If the time spent sitting in a wheelchair is in your near future, you’ll want to purchase a chair with comfort in mind. Of course, you would think all wheelchairs are designed to be comfortable, but unfortunately, that’s not the case. An ill-fitting model can even be dangerous and cause bruising, soreness, and pressure ulcers. However, you don’t have to settle for a chair that causes discomfort. Here are four ways to make sitting more enjoyable, even if your wheelchair is a little stiff.
A wheelchair that doesn’t have the right measurements can cause discomfort, physical harm and lead to further health complications. If the seat is too wide, you may slip or slump in the chair. Over time, this can leave you with bad posture, causing back pain, pressure ulcers, and even lung compressions. Another thing to avoid is a seat that is too narrow. A narrow seat will cause hip pain, as repetitive rubbing will cause skin breaking and pressure sores.
Therefore, it’s best to find one that fits your unique body. We recommend planning time to test out several models before making any purchases. Measure your hips, legs, and torso ahead of time and share these measurements with your local store or manufacturer. In addition to finding a good fit, a tilt in space wheelchair can help you to adjust your posture on the go.
Lateral side supports are small protrusions on either side of your backrest that stabilize your torso, meaning that you won’t need to keep adjusting the chair as often. Lateral side supports also offer assistance if you have bad posture, balance problems, or conditions that can lead to poor torso control.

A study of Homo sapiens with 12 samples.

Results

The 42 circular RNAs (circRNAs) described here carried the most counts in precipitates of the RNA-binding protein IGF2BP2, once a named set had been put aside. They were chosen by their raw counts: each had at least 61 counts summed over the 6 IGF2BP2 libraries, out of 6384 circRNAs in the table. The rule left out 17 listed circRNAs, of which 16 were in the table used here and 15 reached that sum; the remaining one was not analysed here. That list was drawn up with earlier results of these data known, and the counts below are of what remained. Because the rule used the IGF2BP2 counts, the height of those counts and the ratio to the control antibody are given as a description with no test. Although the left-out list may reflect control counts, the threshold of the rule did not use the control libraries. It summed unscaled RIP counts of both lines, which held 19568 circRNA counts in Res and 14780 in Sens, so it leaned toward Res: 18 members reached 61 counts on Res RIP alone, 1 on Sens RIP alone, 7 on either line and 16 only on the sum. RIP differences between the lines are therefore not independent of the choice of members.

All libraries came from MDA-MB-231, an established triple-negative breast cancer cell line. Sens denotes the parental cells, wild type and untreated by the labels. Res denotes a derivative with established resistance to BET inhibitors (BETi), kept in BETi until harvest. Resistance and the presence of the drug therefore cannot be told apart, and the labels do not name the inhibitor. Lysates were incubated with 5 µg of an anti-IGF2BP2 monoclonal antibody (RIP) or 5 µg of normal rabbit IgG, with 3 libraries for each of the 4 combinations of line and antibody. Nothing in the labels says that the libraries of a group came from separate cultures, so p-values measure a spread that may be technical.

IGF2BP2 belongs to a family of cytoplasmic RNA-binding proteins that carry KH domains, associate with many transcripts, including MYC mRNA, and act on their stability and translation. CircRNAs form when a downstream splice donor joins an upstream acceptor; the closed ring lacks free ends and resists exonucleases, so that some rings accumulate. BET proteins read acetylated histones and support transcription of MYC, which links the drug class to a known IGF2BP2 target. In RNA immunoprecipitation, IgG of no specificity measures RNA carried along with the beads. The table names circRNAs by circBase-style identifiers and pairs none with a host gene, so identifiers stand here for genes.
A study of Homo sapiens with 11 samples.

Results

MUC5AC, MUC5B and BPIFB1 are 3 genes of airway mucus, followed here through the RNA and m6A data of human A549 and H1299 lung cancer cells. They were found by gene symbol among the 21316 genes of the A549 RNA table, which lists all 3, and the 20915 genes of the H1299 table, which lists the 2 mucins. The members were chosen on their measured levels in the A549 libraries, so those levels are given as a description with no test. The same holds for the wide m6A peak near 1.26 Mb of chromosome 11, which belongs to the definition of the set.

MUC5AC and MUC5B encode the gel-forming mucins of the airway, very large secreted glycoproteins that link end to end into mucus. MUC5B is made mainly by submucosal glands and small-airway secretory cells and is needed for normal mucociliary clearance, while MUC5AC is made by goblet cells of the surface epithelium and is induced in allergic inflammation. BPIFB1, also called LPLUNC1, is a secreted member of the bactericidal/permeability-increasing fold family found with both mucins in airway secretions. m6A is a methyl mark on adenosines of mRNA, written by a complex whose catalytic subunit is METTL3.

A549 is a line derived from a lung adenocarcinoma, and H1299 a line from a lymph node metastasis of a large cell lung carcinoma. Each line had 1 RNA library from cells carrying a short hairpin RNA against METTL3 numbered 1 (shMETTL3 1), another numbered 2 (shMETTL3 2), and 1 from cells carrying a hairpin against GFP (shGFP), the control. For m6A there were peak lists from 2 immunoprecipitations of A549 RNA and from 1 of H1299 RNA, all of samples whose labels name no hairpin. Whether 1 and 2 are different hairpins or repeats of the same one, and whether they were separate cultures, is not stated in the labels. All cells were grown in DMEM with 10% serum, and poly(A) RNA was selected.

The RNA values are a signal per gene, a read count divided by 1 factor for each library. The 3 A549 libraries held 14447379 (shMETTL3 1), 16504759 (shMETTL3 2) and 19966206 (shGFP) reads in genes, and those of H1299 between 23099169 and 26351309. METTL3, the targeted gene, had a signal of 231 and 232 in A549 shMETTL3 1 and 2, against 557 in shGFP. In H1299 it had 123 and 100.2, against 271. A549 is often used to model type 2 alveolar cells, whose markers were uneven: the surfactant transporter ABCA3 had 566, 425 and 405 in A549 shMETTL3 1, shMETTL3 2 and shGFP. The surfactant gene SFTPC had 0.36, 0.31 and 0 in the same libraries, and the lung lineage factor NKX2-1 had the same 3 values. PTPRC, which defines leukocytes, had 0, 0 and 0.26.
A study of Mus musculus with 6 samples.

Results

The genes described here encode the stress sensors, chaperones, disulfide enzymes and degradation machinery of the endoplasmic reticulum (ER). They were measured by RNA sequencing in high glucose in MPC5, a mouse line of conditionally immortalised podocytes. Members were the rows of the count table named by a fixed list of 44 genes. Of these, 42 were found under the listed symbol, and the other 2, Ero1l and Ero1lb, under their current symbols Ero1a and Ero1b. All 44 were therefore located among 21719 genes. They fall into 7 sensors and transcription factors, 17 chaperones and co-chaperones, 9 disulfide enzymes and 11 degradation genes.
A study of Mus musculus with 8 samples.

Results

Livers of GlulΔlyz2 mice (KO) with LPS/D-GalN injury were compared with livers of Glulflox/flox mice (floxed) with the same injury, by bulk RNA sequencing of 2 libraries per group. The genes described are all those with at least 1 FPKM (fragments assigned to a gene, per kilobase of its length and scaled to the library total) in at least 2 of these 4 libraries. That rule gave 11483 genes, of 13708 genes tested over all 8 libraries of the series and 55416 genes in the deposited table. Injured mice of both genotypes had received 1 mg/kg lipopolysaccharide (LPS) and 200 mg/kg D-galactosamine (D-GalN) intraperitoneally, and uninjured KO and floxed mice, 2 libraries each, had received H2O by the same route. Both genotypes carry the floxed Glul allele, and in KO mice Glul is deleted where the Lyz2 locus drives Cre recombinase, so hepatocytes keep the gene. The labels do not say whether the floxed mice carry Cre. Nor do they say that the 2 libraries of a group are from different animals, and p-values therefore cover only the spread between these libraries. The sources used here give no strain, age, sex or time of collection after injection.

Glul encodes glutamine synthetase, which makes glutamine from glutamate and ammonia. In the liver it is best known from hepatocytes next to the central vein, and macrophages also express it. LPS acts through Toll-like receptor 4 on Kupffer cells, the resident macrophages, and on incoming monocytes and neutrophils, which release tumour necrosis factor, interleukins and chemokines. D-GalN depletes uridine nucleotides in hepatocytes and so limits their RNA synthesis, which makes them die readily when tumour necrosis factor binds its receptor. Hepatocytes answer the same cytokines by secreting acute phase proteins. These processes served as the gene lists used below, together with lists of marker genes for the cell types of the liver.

One thing to keep in mind with these supports is that you must make sure they’re placed in proper contact with the wheelchair trunk. Placement that’s too low makes them ineffective. Too high will irritate the shoulders and skin and limit your arm movements.
Not everybody takes the time to test out armrests on wheelchairs. If you plan to be in your wheelchair for extended periods of time, it’s a good idea to invest in decent padding where your arms will be resting when not in use. Some wheelchairs come with fairly hard or barely cushioned armrests. These hard materials can cause skin irritation, bruising or slight breaking that causes sores. So, a little padding can go a long way — it will save your arms from discomfort.
What you wear can affect how your chair makes you feel. Thick coats, hoodies, or anything with excess fabric can bunch around your back or sides. You might feel compelled to lean forward to avoid the discomfort, as it might be difficult to reach behind and adjust in the chair. Instead of thick cotton garments, we recommend warm clothing made from thinner fabrics like wool, silk, or fleece.
Being comfortable in your wheelchair plays a huge role in your quality of life. It will also improve your condition and decrease a decline in mental health. And while not every chair is designed for ultimate comfort, it’s easy to enhance the chair your purchase with these four ideas.
We recommend planning plenty of time to test out a few potential chairs. Pay close attention to the size measurements and armrests on each model. If necessary, consider ordering later side support and armrest padding. You may also need to invest in some clothes that will be more comfortable to sit in.